Is a heated snowmobile helmet too luxurious or is it actually practical? We have all had times out riding where we get a little cold and wish we had something else in our gear setup to make the time out riding more enjoyable.
Could a heated snowmobile helmet be that piece of gear that keeps us on the snow longer and more comfortable than other helmets? Throughout the remainder of this article we will discuss whether the heated snowmobile helmets are worth the hype or not. If you’re thinking about replacing your snowmobile helmet with one of the top snowmobile helmets on the market, choosing a heated shield snowmobile helmet is something to consider.
Heated Snowmobile Helmets: Worth The Hype?
Typically the riders using heated snowmobile helmets are the longer distance trail riders and, no offense, but the older crowd. Maybe we are wrong about the older crowd part, but then again maybe the older crowd is just wiser than the younger crowd or they have deeper pockets, or both. Regardless, not many mountain riders we know choose to use a heated helmet. The main reason for this is generally mountain riding is much more physically involved keeping riders warmer just from the constant movement making hesitated gear less desirable. Along with that, the weather in most mountainous regions is rather consistent in temperature and not typically extremely harsh. Now don’t get us wrong here, there can definitely be cold days in the mountains. We have experienced several of them!
Heated helmets have a full cover face shield sealing off the entire helmet from the elements of mother nature whereas the helmets chosen by most mountain riders have an opening for your choice of goggles, referred to as a Snocross style helmet. These are highly desired amongst mountain riders for this reason. Depending on the conditions riders may choose to use different goggles with different lenses or no goggles at all to help improve their vision. Because mountain riders are also more physically involved while riding they also tend to fog up their goggles, impairing their vision and need the option to either remove their goggles or swap them out with another pair. Having the Snocross style helmet allows them to do this.
One of the biggest downfalls we see to the heated snowmobile helmets is the fact that you cannot change out the visor in the event of it fogging and impairing your vision. Your only option would be to raise the face shield and leave your eyes exposed to the weather, which you know is not enjoyable especially if it is snowing or sleeting. With this said, there is a dual-sport heated helmet on the market currently that has the ability to remove it’s full face shield allowing you to use the helmet with goggles or swap out shields if needed, hence the name dual sport. We will talk about this later in this article.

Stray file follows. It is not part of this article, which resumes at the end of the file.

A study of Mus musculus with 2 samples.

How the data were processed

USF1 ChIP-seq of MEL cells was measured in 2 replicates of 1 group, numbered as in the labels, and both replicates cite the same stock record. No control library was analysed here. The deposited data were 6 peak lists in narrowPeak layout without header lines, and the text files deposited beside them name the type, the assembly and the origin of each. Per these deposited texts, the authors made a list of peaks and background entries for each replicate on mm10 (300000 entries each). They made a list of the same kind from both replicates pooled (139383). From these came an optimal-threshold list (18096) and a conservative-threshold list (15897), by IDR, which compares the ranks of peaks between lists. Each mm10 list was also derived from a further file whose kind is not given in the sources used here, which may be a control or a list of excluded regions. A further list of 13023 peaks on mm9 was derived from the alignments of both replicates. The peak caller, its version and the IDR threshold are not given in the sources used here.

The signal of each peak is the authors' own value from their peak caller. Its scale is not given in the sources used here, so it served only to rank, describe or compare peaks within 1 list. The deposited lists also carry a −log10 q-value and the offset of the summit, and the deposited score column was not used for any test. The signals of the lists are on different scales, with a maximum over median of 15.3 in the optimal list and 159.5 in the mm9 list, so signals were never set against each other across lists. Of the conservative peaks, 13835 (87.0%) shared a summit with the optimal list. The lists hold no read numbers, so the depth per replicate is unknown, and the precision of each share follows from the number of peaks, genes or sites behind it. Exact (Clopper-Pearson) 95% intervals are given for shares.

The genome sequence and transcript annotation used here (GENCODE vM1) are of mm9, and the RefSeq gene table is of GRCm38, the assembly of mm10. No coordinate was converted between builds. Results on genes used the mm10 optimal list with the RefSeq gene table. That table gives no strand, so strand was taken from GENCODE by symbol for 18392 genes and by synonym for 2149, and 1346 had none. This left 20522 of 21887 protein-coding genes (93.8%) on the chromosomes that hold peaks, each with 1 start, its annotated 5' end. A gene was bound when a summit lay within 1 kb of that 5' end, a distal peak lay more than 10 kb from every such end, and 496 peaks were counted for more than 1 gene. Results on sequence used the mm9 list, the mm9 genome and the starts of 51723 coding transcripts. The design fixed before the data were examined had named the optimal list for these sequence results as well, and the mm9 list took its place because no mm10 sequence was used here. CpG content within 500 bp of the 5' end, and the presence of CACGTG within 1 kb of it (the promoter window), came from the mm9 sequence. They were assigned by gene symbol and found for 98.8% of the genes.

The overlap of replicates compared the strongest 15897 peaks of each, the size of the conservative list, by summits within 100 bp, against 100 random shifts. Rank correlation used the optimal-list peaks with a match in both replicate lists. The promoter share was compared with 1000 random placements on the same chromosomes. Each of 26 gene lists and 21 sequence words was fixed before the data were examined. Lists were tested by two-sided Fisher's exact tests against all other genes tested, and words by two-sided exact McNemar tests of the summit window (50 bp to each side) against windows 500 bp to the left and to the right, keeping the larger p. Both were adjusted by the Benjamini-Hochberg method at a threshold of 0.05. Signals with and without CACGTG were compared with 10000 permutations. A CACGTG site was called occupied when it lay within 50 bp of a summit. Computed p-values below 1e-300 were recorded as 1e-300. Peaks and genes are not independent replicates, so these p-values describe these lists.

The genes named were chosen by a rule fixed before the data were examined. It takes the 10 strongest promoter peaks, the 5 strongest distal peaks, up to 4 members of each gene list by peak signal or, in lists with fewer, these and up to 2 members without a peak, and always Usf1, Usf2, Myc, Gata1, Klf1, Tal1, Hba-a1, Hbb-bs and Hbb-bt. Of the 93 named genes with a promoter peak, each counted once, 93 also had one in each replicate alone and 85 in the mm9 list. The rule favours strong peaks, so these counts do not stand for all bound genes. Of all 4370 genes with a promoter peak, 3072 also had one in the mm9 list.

Another thing to keep in mind when considering a heated snowmobile helmet is whether or not your snowmobile is compatible with a heated helmet. Most heated helmets need a way to plug into your sled to power them. If your sled does not have this you may need to look into getting this added to your sled in order to use a heated helmet. Most newer model sleds will have this already installed from the factory, but if you have an older sled it may be something your sled does not have.
Let’s talk about cost. Initially, when we think about a heated snowmobile helmet we think they are expensive. Well as it turns out they are relatively comparable to other non heated snowmobile helmets of similar quality. Although they are pretty much like any other piece of gear, you can basically spend as much money on it as you would like to. Each helmet varies a little depending on their features, but you can pick up a higher quality heated helmet for around $300-$400 US dollars. As far as price goes, we think that is well worth the money!
As stated earlier in this article we mentioned the existence of a dual sport heated helmet that allows you to remove the full face shield for use of goggles or to swap out the shield with a different one. The helmet in reference is the 509 Delta R3L Ignite Helmet. This helmet retails at $299.95 and features a removable heated full face shield, Fid-lock magnetic chin strap buckle, a drop down internal orange tinted sun shield, and so much more! If we were going to run a heated helmet this would definitely be our top pick.
We strongly recommend going to a local dealer and checking out the different helmet options to find the right helmet size, before making your final decision as all helmets have their own fit and feel. One really can’t go wrong with a heated or non-heated helmet. When all is said and done it comes down to preference, your style of riding and your riding frequency. If you ride in very cold climates at higher speeds and get out there a lot then the heated helmet may be a great option for you! Do you use a heated helmet or have you ever tried one? Let us know in the comment section below what your preference is and what you like or don’t like about the heated helmets.